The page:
Amitriptyline is a prescription option for migraine prevention.Share on Pinterest

But does it work? Evidence suggests that it does work for some people. However, like any medication, it comes with a chance of side effects.

This article explores what current research suggests about the risks and benefits of using amitriptyline for migraine prevention.

Amitriptyline is part of a class of drugs called tricyclic antidepressants (TCAs). TCAs are typically prescribed for depression, but many have additional uses.

It was approved by the Food and Drug Administration (FDA) to treat depression in 1977 and sold under the brand name Elavil. Although Elavil was discontinued in 2000, amitriptyline is still available in generic forms.

Amitriptyline in particular has been used to treat a wide range of conditions that cause chronic pain, including migraine. It’s typically used for migraine prophylaxis (prevention).

Using amitriptyline to prevent migraine attacks isn’t new, with research dating back to the 1970s. For instance, a 1979 study assessed its efficacy in a randomized controlled trial. The authors concluded that amitriptyline was effective for migraine prevention.

Other countries have formally approved the use of amitriptyline for migraine prevention. In the United Kingdom, the Medicines and Healthcare Products Regulatory Agency (MHRA) lists the prophylactic treatment of migraine in adults as one of amitriptyline’s therapeutic uses.

Amitriptyline increases the effects of the neurotransmitter serotonin in the brain. Serotonin is associated with emotional well-being, pain regulation, and other biological functions such as sleeping and eating.

There’s no single explanation for why migraine attacks occur. They’re caused by a combination of contributing factors.

For some people, serotonin is one of those factors. Research has shown that people who experience migraine attacks are more likely to have low levels of serotonin. For many, alterations in serotonin level or activity can trigger a migraine attack.

Amitriptyline’s effect on migraine might be related to its effect on serotonin levels. More research needs to be done to understand its exact mechanism of action.

A 2019 literature review concluded that there isn’t enough evidence to recommend amitriptyline to prevent migraine attacks in children.

However, the review also reported that children between 10 and 17 who were treated with amitriptyline alongside cognitive behavioral therapy (CBT) were more likely to experience a reduction in chronic headaches.

The recommended starting dose of amitriptyline for migraine is 10 milligrams (mg) per day. If you aren’t getting adequate migraine prevention and aren’t having intolerable side effects, your doctor might increase your dose by up to 25 mg per week.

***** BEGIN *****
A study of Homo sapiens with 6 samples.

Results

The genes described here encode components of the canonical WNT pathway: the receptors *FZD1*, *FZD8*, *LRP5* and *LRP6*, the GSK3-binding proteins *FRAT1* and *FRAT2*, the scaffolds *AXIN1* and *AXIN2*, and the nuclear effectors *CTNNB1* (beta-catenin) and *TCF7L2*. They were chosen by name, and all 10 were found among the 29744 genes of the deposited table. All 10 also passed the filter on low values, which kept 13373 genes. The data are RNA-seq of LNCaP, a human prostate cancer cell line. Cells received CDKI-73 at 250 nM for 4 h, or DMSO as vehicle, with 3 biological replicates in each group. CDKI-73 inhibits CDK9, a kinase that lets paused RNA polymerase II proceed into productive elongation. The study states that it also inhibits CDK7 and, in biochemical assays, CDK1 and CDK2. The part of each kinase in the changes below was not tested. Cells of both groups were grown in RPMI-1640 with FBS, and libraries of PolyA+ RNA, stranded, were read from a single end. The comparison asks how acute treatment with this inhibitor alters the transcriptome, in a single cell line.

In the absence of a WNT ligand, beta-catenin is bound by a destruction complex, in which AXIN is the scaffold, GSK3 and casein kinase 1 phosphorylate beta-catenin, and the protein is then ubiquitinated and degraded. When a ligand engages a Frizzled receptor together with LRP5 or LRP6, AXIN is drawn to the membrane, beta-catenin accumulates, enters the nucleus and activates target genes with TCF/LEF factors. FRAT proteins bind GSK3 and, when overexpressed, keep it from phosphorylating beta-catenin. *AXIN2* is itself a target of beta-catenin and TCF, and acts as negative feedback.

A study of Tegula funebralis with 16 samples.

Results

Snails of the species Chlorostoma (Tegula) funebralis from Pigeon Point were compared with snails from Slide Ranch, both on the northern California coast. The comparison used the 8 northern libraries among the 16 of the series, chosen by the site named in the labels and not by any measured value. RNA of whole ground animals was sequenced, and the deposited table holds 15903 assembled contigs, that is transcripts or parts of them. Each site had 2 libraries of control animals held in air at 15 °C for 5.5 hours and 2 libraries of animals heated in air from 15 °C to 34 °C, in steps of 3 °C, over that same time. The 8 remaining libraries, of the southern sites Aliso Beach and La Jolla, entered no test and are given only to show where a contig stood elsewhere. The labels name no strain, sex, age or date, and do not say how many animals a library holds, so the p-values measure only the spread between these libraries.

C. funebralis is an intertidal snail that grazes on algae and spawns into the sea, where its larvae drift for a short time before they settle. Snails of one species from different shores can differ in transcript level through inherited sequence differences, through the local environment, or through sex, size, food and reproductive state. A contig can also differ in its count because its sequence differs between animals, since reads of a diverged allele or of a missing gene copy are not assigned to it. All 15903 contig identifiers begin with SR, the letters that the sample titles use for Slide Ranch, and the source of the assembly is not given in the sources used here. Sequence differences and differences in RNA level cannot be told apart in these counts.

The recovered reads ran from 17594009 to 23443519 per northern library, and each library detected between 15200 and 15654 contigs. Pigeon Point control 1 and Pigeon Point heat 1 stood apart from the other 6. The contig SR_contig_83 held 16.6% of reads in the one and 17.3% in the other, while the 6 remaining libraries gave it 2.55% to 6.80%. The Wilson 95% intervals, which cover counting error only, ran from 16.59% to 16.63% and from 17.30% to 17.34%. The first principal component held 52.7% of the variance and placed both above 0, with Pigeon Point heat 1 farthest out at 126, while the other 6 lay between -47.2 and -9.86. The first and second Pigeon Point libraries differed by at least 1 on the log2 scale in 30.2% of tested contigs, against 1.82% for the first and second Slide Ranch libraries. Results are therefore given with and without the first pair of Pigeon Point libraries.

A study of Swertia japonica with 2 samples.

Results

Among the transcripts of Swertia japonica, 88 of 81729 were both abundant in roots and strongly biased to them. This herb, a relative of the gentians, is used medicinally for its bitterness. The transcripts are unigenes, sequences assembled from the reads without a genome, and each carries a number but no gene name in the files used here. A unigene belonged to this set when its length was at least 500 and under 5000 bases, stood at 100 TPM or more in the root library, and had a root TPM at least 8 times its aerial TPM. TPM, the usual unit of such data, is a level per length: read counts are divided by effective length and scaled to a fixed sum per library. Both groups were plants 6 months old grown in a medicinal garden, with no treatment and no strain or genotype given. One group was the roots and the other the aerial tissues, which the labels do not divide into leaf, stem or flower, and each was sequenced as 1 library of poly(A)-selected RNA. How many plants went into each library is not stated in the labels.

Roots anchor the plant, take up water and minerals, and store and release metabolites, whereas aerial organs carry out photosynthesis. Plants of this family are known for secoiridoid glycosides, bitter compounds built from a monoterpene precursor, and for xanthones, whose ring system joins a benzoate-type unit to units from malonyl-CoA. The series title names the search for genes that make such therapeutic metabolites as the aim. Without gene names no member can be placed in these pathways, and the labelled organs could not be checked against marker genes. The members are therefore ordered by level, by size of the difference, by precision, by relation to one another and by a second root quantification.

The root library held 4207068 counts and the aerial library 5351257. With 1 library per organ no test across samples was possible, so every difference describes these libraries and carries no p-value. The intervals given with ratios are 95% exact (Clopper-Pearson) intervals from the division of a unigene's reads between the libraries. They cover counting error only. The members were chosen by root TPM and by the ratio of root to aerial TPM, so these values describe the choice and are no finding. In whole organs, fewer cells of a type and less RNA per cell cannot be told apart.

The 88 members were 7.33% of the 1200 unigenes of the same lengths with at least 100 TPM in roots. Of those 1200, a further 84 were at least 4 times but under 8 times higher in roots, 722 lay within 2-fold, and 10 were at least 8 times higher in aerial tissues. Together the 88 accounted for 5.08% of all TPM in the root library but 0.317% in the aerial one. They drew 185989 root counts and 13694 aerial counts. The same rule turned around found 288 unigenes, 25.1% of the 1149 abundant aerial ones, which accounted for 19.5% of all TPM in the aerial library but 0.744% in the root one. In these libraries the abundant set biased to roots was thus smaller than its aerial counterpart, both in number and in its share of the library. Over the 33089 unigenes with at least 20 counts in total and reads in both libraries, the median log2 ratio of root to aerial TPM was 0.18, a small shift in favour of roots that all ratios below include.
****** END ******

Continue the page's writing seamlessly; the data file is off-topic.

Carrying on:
The maximum dose of amitriptyline is 300 mg per day, and higher doses are more likely to cause side effects.

Amitriptyline is available in tablet and liquid form. Since amitriptyline can make you feel drowsy, it’s best to take it at night before you go to sleep.

The cost of amitriptyline varies according to where you live and how much you buy.

According to ClinCalc.com, the average cost of amitriptyline in 2018 was $24.65 per prescription fill. In addition, the average prescription lasted approximately 44 days.

Like any medication, amitriptyline can cause side effects. The most common side effects are mild, and include:

  • constipation
  • difficulty urinating
  • dizziness
  • drowsiness
  • dry mouth
  • headaches
  • sweating
  • weight gain

Although serious side effects are less common, they can occur. You should seek medical attention right away if you experience any of the following while taking amitriptyline:

  • changes in eyesight
  • confusion
  • eye pain or swelling
  • manic thoughts or behavior
  • muscle cramps
  • racing heartbeat
  • seizures
  • stroke
  • suicidal thoughts
  • yellow skin

Amitriptyline can interact with other drugs, increasing your risk for side effects.

In particular, amitriptyline can interact with opioid painkillers such as codeine, oxycodone, or morphine. The combination can increase your risk for drowsiness and breathing difficulties.

Amitriptyline can also interact with another type of antidepressant called monoamine oxidase inhibitors (MAOIs), triggering dangerously high blood pressure. This can occur even after you’ve stopped taking MAOIs.

Before taking amitriptyline, talk with your doctor or pharmacist about substances you’ve taken or are currently taking, including herbal remedies, vitamins, and supplements.

Research shows that low doses of amitriptyline can be an effective treatment for preventing migraine attacks.

A 2010 review and meta-analysis evaluated the effectiveness and side effects of TCAs, including amitriptyline, in treating chronic migraine. The authors reported that TCAs pose an increased risk of side effects compared to other antidepressants and that they can be an effective treatment for migraine prevention.

Similarly, a 2016 study evaluated amitriptyline’s long-term effectiveness among 178 people who were prescribed low doses for headaches. The authors found that doses between 2.5 and 100 mg per day were an effective treatment for chronic headaches, with approximately 75 percent of patients reporting an improvement in their symptoms.

A more recent 2019 literature review concluded that among antidepressants commonly prescribed to prevent migraine attacks, amitriptyline has the most evidence of being effective.

Your doctor might prescribe amitriptyline to prevent migraine headaches. Although amitriptyline hasn’t been approved by the FDA for migraine prophylaxis (prevention), research suggests that it’s effective at low doses.

If you think amitriptyline might be able to help with your migraine episodes, talk with your doctor about your symptoms. Your doctor can help you weigh the risks and benefits of taking amitriptyline.